A four-day hearing meant to edge legal arguments closer to an actual 9/11 trial ended in uncertainty Thursday as the war crimes prosecutor named a special outside counsel to probe for possible FBI spying on defense lawyers.
No new session is scheduled until June 16th in the case of the five men accused of orchestrating the Sept. 11, 2001 terror attacks that killed nearly 3,000 people in New York, Pennsylvania and at the Pentagon.
Meantime, Army Brig. Gen. Mark Martins, the chief prosecutor, announced the appointment of Justice Department lawyer Fernando Campoamor-Sanchez as Special Trial Counsel, then walled himself and the rest of the prosecution team from the work of Campoamor-Sanchez.
Officials have yet to determine the scope of the investigation, but Army Col. James Pohl, the 9/11 judge, acknowledged in court Thursday that the FBI may have indeed launched an investigation of the defense team of the alleged Sept. 11 mastermind, Khalid Sheik Mohammed.
By Thursday evening he appointed two unnamed independent defense counsel to advise Mohammed and 9/11 co-defendant Ramzi bin al Shibh on whether a possible a federal probe compromised or could intimidate their defense teams.
The issue blew up a week of hearings meant to address accused 9/11 deputy bin al Shibh’s mental fitness for trial. Monday, Bin al Shibh’s civilian lawyer, Jim Harrington, disclosed that two FBI agents had clandestinely questioned the classification specialist on his team and sought to enlist the Pentagon contractor as a secret informant.
Now, the prosecutor’s special trial counsel, Campoamor-Sanchez, has until Monday to explain to the judge, in a “full factual submission,” what he’s been able to discover about what the FBI is doing. Pohl left open the possibility that he might separately appoint independent counsel to the Sept. 11 accused.
Defense lawyers also want the judge to question the two FBI agents who showed up at the door of the contract member of the Bin al Shibh team, as well as a senior FBI executive who sometimes comes to Guantánamo as a case prosecutor, Joanne Baltes, on what they know.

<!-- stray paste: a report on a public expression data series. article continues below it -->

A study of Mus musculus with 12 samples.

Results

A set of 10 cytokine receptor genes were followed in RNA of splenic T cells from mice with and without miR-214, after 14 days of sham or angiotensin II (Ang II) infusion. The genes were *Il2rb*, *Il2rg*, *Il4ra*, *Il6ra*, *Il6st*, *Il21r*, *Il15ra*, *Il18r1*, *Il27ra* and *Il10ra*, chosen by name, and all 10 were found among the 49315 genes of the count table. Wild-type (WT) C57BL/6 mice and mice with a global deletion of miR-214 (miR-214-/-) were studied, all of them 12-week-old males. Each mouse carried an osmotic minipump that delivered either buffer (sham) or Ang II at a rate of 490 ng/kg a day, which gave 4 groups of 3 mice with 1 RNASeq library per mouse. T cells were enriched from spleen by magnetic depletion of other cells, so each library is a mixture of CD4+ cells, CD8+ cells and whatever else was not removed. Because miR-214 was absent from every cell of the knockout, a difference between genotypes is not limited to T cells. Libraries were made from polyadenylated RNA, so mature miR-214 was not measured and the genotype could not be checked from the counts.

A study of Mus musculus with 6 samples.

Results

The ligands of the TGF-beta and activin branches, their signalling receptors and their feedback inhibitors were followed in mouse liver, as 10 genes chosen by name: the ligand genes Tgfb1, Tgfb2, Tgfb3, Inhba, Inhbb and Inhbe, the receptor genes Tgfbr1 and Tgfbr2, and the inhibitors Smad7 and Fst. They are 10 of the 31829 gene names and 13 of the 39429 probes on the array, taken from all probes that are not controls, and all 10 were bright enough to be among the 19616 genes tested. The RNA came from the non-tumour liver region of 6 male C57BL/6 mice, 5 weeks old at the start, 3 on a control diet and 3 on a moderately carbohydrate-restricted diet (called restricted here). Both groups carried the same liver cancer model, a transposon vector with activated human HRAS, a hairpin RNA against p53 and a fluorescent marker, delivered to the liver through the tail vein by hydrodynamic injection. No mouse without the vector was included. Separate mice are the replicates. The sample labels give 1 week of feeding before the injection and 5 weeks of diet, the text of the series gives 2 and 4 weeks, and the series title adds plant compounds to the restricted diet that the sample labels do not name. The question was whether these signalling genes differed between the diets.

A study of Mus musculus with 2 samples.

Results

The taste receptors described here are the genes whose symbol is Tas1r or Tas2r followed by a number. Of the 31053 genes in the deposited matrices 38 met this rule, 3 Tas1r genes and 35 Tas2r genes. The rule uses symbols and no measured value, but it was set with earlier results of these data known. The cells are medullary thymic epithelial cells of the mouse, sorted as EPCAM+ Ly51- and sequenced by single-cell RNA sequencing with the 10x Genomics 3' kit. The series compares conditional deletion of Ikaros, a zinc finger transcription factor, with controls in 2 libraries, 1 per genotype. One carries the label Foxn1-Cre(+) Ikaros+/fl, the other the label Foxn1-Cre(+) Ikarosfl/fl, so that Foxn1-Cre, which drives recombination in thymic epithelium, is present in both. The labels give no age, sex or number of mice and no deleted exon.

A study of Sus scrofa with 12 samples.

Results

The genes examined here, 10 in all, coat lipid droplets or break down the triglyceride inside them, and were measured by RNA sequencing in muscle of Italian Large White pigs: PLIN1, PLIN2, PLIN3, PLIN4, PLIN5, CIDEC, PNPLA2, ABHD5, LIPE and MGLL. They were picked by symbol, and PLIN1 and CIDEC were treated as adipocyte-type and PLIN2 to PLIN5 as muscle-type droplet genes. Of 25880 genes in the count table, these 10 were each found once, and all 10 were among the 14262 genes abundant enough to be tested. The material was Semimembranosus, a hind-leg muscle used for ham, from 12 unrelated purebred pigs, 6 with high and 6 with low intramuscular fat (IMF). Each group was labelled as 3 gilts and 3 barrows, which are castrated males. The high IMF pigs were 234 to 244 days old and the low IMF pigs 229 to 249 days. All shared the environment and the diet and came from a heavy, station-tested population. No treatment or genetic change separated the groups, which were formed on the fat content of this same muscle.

The developments not only stalled progress toward trial for the five men accused of training, organizing, funding, and providing travel arrangements for the Sept. 11 hijackers but put in doubt whether any actual trial preparation will resume when the sides next convene.
After just three hours of actual public hearings, the development disappointed and distressed family members brought here by the Pentagon prosecutor to watch the proceedings.
“I want justice, I hope it’s going to happen some day” said Gloria Snekszer of suburban Atlanta whose sister, Vicki Linn Yancey, was killed in the plane that struck the Pentagon.
Snekszer expressed particular resentment toward the military and civilian defense lawyers who she accused of adopting a “very discouraging tact of delay, delay, delay.”
In one instance, she cited, veteran death-penalty defender Cheryl Bormann pressed the judge to get the Guantánamo prison to return to her client, Walid bin Attash, original copies of letters he wrote his attorneys.
“Well, I want my sister back,” Snekszer said. “And that’s not going to happen.”